News from the Test-Maker: Send Your GRE Scores to Potential Employers
What’s behind this decision? While GRE scores are currently used only to evaluate candidates for graduate school and fellowships, the test-maker realized that increasing numbers of job applicants are using their test scores to stand out to employers – the practice has become widespread enough that LinkedIn offers its users the options of adding test scores to their profiles.
So what does this mean for you – will top GRE scores now need to be prominently featured on your resume in order to get a job? ETS has provided very specific guidance to employers who are using GRE scores to help evaluate job applicants. Some of the guidelines include:
- Pay attention to differences in percentiles, instead of differences in numerical scores. ETS is encouraging employers to look at the percentile rankings for scores that applicants submit in order to compare applicants, rather than trying to make a distinction between score differences of 1 or 2 points.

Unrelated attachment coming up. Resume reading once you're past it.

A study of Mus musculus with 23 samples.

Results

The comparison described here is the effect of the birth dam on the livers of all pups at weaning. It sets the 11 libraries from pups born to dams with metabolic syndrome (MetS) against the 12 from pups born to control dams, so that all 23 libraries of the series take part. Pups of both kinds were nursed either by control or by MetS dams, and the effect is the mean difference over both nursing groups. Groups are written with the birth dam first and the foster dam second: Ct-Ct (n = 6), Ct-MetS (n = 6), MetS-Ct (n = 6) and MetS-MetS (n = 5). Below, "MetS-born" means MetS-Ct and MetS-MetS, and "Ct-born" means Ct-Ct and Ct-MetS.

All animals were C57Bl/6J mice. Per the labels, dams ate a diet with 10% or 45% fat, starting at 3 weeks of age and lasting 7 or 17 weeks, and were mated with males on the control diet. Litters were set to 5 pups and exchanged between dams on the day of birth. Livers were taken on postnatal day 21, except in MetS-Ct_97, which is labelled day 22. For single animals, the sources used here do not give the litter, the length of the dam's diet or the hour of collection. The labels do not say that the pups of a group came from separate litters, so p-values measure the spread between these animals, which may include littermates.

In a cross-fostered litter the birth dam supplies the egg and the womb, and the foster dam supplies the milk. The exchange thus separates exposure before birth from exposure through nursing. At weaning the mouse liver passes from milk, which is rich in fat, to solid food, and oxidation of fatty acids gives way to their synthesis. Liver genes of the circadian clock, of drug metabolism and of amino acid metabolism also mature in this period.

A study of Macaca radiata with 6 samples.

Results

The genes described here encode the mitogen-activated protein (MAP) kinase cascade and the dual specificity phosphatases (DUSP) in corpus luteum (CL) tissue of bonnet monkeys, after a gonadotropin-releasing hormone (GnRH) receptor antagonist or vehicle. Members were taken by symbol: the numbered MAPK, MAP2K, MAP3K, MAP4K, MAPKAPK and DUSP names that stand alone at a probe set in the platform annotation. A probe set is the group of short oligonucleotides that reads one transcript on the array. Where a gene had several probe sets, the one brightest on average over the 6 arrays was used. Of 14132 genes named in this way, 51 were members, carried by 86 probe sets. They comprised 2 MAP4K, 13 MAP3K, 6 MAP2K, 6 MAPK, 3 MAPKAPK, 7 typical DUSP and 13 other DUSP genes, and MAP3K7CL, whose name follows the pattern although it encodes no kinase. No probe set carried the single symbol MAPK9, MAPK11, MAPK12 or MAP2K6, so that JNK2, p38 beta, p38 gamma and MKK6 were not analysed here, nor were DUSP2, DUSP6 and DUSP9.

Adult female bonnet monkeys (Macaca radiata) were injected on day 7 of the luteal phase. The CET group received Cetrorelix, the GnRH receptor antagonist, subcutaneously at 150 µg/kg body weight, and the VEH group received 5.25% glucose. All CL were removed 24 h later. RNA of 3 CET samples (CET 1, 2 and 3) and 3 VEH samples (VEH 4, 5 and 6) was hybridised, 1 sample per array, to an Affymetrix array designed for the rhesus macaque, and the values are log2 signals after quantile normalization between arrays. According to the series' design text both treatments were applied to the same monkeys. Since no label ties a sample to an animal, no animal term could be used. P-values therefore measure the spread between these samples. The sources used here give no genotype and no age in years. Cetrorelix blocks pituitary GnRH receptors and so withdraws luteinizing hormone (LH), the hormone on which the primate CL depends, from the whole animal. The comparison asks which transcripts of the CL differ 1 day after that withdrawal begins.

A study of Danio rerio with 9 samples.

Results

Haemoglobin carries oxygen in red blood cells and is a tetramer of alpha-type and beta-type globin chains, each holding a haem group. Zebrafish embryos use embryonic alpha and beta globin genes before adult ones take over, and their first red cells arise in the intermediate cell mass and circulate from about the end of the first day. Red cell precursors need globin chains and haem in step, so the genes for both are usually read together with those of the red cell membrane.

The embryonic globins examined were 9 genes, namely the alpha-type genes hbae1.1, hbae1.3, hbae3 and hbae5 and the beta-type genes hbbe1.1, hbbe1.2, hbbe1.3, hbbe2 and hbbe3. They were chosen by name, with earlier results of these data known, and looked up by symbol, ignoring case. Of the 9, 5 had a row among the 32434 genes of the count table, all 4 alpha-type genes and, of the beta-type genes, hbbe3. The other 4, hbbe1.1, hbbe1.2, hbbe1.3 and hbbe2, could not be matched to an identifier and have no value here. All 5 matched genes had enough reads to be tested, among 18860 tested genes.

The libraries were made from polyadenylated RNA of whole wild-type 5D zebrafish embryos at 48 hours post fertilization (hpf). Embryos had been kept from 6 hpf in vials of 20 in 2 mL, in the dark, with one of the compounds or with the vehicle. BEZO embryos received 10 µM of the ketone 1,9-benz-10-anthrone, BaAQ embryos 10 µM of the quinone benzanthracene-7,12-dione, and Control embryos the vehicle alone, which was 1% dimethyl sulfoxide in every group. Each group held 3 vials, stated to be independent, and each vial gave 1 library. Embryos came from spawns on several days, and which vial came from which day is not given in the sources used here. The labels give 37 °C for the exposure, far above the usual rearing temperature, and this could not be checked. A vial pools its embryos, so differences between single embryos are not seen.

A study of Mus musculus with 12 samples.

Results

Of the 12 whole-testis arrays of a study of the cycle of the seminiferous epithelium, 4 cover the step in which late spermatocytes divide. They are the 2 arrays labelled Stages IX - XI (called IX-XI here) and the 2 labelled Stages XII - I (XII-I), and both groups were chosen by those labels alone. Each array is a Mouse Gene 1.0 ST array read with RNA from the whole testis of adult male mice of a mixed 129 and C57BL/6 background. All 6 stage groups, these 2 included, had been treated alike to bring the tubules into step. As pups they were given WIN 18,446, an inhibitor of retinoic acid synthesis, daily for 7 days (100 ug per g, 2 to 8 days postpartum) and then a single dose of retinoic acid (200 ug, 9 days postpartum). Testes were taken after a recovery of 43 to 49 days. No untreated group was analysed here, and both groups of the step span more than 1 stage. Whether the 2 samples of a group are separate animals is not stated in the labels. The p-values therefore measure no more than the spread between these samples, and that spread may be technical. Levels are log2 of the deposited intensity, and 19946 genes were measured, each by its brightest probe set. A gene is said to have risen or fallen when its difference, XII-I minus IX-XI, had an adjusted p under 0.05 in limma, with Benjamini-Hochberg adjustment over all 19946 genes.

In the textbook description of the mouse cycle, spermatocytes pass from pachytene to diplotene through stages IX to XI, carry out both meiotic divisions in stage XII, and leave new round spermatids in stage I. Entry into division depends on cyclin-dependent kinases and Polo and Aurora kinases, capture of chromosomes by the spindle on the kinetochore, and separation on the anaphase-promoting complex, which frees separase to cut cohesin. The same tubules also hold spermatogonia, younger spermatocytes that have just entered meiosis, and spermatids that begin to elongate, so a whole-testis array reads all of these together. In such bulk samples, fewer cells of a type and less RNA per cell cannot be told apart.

- Treat quantitative, verbal, and essay scores distinct scores instead of as part of one overall score. Graduate programs differ in how they use scores for each section of the GRE, and the same should be true of employers. Employers are advised to understand what skills each section of the GRE tests, and to make their own decisions about how each score will allow them to evaluate applicants.
It will be a couple of years before ETS has enough data to determine whether it should go full-force with this initiative, but it certainly pays to plan ahead – if you’re testing within the next couple of years to pursue an advanced degree, adding your scores to your post-degree employment applications could be a common practice by the time you graduate. Putting in the time to prepare thoroughly now could benefit you for years to come!